In recent years, there have been concerns about the aging AIM-120 missile, which has been the mainstay of the US air-to-air missile arsenal for BVR combat. The US Air Force had advertised the Raytheon AIM-120D3 Amraam missile as an upgrade for its obsolete two-decade-old electronics in the guidance section, but the rocket motor and propellant were not improved. However, Raytheon executives have claimed that the latest version of the 44-year-old radar-guided air-to-air missile program has set two new time-of-flight records in the past 15 months.

Paul Ferraro, president of Air Power for Raytheon Missiles and Defense, mentioned in an interview at the Farnborough Airshow with Aviation Week that the extended time-of-flight demonstrated by the AIM-120D3 means that it has greater range than China’s radar-guided PL-15 missile.

While the exact range of the domestic version of the PL-15 missile is not publicly available, its first public appearance in 2015 caused the US Air Force to initiate a new air-to-air missile program for the first time since the 1970s. In 2017, the Air Force secretly selected Lockheed Martin to develop the AIM-260 Joint Advanced Tactical Missile (JATM), which one top officer said in 2019 formed the service’s response to the threat posed by the PL-15.

The recent flight tests of the AIM-120D3 with the F3R upgrades have demonstrated an extended range due to the longer battery life. Further optimization of the missile’s performance against future targets is expected with the upcoming SIP-4F software release. However, it is difficult to compare the AIM-120D3’s current performance against the AIM-260 program’s goals since the range of the potential threat posed by the PL-15 missile is shrouded in mystery. While China has advertised that the export version of the PL-15 has a range of 78 n.m., this may not reflect the full capabilities of the domestic version. Additionally, the range of any air-to-air missile is dependent on the speed and altitude of the launch aircraft.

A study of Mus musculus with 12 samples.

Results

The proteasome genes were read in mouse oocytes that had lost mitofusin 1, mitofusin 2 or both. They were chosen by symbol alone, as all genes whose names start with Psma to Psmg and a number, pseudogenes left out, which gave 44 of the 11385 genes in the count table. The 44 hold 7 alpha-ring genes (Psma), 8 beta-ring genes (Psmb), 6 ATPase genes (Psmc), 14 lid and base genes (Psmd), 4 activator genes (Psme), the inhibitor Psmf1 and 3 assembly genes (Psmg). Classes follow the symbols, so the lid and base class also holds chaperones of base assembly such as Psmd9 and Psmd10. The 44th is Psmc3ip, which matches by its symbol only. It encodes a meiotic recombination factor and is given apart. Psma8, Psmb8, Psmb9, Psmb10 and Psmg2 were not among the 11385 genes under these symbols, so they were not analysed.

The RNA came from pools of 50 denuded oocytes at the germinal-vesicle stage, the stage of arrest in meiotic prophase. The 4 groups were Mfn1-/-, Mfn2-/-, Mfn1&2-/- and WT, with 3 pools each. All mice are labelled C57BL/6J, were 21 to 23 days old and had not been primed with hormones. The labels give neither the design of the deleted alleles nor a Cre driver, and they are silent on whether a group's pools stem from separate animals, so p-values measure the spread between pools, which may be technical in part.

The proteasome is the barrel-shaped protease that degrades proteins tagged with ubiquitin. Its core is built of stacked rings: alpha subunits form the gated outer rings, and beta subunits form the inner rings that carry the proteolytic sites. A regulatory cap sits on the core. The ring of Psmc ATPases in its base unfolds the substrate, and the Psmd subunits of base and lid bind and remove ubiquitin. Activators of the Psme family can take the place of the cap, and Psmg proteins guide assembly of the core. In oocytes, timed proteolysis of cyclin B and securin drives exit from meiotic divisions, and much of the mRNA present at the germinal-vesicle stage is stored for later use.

Although few details are publicly available about the AIM-260 program, it was initially scheduled for fielding on the Lockheed Martin F-22 this year and on the Boeing F/A-18E/F next year, according to Air Force officials in June 2019. However, there have been no updates on the schedule since then, despite repeated requests for information. An Air Force spokeswoman confirmed that the AIM-260 will augment the AIM-120 and is necessary to counter adversary air threat investments.